Wednesday, January 20, 2016

Consider Native Bees When Gardening for Monarchs

Guest blog and photos by Tom Schroeder 

We all want to improve our garden habitats to increase the number of Monarch Butterflies.  We can increase the number of Native Bees while we are at it by just adding a few gardening practices.

Native Bees are small harmless creatures ranging in size from a quarter inch Miner Bee to an inch and a half Bumblebee.  They will ignore your presence in the garden and go about their business of gathering pollen and nectar for their nests.  They add beauty, interest, and pollinating services to the garden.

carpenter bees
The population of many Native Bees species have declined because of loss and degradation of habitat and pesticide overuse.  These are some of the same reasons for the decline of the Monarch Butterfly.  We can start to turn that around by improving their habitat in our yards.

Both Monarchs and Native Bees required continuous blooming flowers from April to November.  They both prefer to feed on three foot by three foot patches of the same flowers rather than scattered individual flowers. Where Bees and Monarchs differ is in the type of flowers they utilize.  Many Native Bees have short tongues and need open flower forms.  Native Bees also seek pollen for nesting and not just nectar for fuel.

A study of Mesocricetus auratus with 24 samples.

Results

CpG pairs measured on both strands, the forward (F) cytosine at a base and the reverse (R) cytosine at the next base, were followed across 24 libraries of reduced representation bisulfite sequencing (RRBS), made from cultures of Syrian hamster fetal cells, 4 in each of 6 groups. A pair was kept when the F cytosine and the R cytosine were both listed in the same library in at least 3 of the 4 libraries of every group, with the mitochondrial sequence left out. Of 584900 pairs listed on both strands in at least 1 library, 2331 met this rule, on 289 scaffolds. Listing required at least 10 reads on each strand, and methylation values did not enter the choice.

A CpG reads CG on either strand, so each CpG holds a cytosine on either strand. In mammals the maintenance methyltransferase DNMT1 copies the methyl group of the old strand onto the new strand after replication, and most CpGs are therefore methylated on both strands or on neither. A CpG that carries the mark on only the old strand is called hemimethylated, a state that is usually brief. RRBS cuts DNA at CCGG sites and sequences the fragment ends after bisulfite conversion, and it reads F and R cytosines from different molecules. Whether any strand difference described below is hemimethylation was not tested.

Excellent Native Bee Plants on the Backyard Habitat for Monarchs plant list are: Culver’s Root for late spring; Purple Coneflower, Rattlesnake Master, Wild Bergamot, and Rosinweed for the summer; Smooth and Sky Blue Aster and Rigid Goldenrod for the fall.  For Native Bees you might also try native species of early spring blooming Serviceberry and Spiderwort and summer blooming Helenium, Penstemon, Agastache, and Verbena.  Unfortunately, Milkweed does not make its pollen available to a bee and requires a long tongue to reach its nectar so it is not a very useful flower to a small bee.

It is well known that Monarch’s need milkweed plants to raise their young.  Native Bees need bare dirt.  Seventy percent of Native Bee species nest in the ground.  The other 30 percent use plant stems or beetle tunnels in wood.  In your plantings for the Monarchs, leave some bare dirt patches for the little bees to use for nesting.  Also leave a few one foot sections of some of the previous year’s plant stems upright in the garden for bee nesting.  Milkweed stems could make an excellent nesting spot for a little bee.
green sweat bees

Limit pesticide and herbicide use including not purchasing seedlings treated with neonicotinoids.  Testing has shown pollen collected by honey bees can contain up to 6 different pesticides.  Even in low concentrations, pesticides affect bee behavior in negative ways.

Monarchs and Native Bees have coexisted in habitats for thousands of years.  By improving your garden habitat for both, you will be continuing that long association. 

Tom Schroeder retired in 2015 and finally got to complete his Master Naturalist certification.  He is a long time volunteer with Kansas City Wildlands specializing in prairie plant seed collection.  He is an avid photographer and gardener with a passion for native bees.